Saturday, January 20, 2007


More praise for the Kyoto International Community Center! I made it to all three courses today, and it was fantastic!

First at 10:00 in the morning was the Shogi club. Shogi is a traditional Japanese board game that is very similar to our chess. The board has an extra column and row (9x9) and most of the pieces are the same with a few exceptions. You can read the complete rules here. The two biggest differences I noticed were the ability to promote all pieces when they move into the enemy's territory (back three rows) and to "drop" pieces you have captured from your opponent back into play as part of your team anywhere on the board! It adds a whole new dimension to chess, having to think about what's on the board, what your opponent has off the board and what you have off the board. It was so much fun. The Sensei even served out coffee and biscuits while we played and gave me this board and pieces to take home and practice!

Next up was Origami. So what if I did origami as kid? We first made pigs, or boars, since it's now the year of the pig. Then we made "demons" (the rose pink guy) for Setsuban on February Third. You're supposed to throw dried beans at the demons to ward of evil, since most demons are allergic to beans...
Next up was the hardest one, that little green pinwheely type thing. It called for a very tiny piece of paper to begin with and it's folded so many times, but it's also the coolest one. If you put it on a smooth surface and blow on it from above, it spins like a top! A Wind Top! I love it. Time for a tea and cookie break. Lastly we made the also cool star baskets. Origami can be so pretty, and even almost functional sometimes. I'd love to find a way to use lacquer or resin to preserve it.

The day ended with Calligraphy. I did much better this week, partially due to choosing an easier Kanji than the 京都 (Kyoto) I did last time. The one I did today means "era," I forget how to say it in Japanese. It was a bit easier, and since I was there on time I got more practice in. The instructors are very helpful even though they don't speak much English. The one on the left is the better of the two. More snacks and social time! I talked with some students from Germany, Sweden, and Canada. It was good to meet some new people, particularly English speaking ones.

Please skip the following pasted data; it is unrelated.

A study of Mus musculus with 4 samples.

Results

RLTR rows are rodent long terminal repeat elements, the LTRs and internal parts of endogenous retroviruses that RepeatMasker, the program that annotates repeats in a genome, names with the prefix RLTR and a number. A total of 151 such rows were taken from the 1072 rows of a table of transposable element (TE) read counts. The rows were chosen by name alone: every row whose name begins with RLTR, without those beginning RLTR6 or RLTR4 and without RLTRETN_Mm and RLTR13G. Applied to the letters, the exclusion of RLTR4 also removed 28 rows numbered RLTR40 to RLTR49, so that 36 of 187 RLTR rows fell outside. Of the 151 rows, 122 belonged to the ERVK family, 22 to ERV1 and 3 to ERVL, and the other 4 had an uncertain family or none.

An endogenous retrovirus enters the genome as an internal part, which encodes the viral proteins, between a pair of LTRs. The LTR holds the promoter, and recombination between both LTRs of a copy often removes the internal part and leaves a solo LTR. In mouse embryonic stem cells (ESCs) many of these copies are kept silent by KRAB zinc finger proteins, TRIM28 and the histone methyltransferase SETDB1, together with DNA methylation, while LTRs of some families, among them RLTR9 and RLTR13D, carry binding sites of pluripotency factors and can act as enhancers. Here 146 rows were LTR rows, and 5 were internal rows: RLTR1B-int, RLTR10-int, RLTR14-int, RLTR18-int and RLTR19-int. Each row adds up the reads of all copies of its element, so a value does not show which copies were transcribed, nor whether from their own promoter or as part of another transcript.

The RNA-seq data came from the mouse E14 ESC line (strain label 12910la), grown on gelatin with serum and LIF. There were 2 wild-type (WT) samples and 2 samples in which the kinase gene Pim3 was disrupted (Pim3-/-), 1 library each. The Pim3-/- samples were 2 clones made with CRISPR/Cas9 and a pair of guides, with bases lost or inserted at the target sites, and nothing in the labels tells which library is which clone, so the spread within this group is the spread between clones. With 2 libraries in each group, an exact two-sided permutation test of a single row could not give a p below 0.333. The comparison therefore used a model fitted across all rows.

And now for some more Textures of Kyoto, or Gion specifically:

A couple days ago we went grocery shopping, and since the seafood is so affordable here we I had to try some salmon. Alison did a great job cooking it up with grilled asparagus and soba noodles. I made a little tofu with miso glaze in case I didn't like the fish, but I have to say it was delicious.

The Sea Dragon and Koi are tattoos I recently had done on my fore arms. Hope you like them.
Just kidding, images courtesy of Needle Addicted.

P.S. With our highspeed internet connection and computer you can now click on the photos we put on the blog to see them full size.


Anonymous said...

This is wonderful - how fortuante you ae to be doing all of these activities - good for you. And they all look great - you must be good at the game - sounds right up you alley. Glad you liked the samon - it is so good for you - brain food. Sorry about the computer glitch - we'll figue it out.

Anonymous said...

Wonderful words and wonderful images. Usually I can figure out who is writing what, but sometimes it would be helpful is you both added your names to your verses.
Alison, I have those conversations in my head all the time too. Generally it just part of the decison-making process. Thanks for sharing.

Alison said...

At the end of each post it says who wrote it. For example, at the end of the past post there is a line across the page that end the post then it says posted by matthew. and it shows how many comments there are. I hope that helps

Anonymous said...

i am glad you found a way to do crafts!